One of the things that have been discussed repeatedly on this blog has been the question of what are considered authoritative sources for current Mormon teaching. Whenever this topic is raised, quite a bit of disagreement has been expressed. One area of contention has been over what weight should be assigned to official church manuals. How authoritative are they?
That is why I was interested to see an article in the January 2010 Ensign carrying the same title as the title of this post. I became even more interested when I saw that it was written by one of the LDS apostles, Russell M. Nelson. That itself lends quite a bit of credibility to the article.
Following are a couple of things that I found interesting. In answer to the question of why the change in curriculum, Nelson writes: “Since we first began using Teachings, millions of people have joined the Church. Many of them have tender testimonies and with relatively limited experience in the Church, will benefit greatly by a focus on the fundamentals of the gospel. In addition, all Church members will benefit b a return to the basics. A careful study of core doctrines as presented in the new and improved Gospel Principles manual will help members strengthen their understanding of the fundamental teachings of the gospel.”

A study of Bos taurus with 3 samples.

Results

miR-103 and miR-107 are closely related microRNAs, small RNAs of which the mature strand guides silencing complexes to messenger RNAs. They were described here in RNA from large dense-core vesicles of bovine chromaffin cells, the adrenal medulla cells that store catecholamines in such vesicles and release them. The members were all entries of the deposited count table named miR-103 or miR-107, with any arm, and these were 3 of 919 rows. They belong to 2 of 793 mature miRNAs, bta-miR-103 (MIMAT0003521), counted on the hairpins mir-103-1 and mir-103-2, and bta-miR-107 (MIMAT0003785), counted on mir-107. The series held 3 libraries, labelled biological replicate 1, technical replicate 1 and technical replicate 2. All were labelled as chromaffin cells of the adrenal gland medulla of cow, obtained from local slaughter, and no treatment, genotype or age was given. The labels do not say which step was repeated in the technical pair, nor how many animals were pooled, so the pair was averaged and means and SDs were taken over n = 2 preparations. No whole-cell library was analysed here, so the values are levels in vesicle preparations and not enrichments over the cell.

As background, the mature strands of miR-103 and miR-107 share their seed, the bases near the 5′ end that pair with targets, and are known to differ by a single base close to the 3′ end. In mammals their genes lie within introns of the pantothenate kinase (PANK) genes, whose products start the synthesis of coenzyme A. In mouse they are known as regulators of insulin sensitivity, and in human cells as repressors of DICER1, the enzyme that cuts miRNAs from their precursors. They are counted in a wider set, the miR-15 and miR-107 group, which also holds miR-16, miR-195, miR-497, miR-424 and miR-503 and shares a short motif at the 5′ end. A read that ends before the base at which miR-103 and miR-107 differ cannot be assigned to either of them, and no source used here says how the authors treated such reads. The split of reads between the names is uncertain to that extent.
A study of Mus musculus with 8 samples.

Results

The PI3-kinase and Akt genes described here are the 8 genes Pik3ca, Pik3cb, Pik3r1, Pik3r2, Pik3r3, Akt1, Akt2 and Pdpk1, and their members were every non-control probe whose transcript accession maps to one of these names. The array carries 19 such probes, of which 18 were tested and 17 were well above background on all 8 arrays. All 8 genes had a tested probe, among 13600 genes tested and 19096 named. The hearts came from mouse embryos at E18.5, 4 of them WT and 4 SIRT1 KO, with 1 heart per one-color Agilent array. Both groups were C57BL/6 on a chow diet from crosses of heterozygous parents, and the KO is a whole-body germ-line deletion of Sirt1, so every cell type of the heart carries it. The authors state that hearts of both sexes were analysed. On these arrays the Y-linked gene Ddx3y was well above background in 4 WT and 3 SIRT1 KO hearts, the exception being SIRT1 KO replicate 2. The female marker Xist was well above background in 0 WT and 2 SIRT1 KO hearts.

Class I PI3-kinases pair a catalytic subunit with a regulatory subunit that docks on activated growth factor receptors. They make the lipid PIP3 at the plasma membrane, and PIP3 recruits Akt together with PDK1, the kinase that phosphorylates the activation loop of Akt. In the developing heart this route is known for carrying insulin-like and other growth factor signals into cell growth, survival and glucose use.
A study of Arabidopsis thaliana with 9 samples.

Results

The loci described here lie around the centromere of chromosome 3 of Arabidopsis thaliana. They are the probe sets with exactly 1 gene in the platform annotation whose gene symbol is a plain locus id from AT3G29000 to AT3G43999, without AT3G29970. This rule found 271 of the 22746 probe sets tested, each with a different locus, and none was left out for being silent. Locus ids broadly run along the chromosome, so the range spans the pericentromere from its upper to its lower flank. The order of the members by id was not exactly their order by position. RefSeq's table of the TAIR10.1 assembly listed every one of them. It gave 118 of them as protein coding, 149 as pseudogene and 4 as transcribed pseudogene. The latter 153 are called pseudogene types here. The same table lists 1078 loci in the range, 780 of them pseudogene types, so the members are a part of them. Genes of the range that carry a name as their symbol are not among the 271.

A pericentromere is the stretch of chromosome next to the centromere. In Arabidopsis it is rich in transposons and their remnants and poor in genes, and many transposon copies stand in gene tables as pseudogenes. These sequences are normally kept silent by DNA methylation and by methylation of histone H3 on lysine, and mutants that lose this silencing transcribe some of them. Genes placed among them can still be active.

And then under the conclusion entitled “A Timeless Book” he writes, “It is our hope that the new Gospel Principles manual will take a prominent place in the homes and lives of all Latter-day Saints.”
As the word Principles in the title implies, as Nelson states, this is a manual about core and fundamental LDS teachings. LDS teaching involves more than what is presented in Gospel Principles. But wouldn’t you agree that Nelson, in his role as an apostle, presents this manual as a true and authoritative source of the fundamentals of LDS teaching? And that it is only right and proper for non-Mormons to look to it to see what Mormonism teaches? And that such non-Mormon observers of Mormonism have, at the very least, a good reason to become befuddled when individual Mormons disavow or dismiss quotations from Gospel Principles as not authoritative of Mormonism? And isn’t it legitimate to ask why changes are made in each edition of Gospel Principles – changes that are not just cosmetic or made for easier readability – but changes that affect the sense of what is being presented?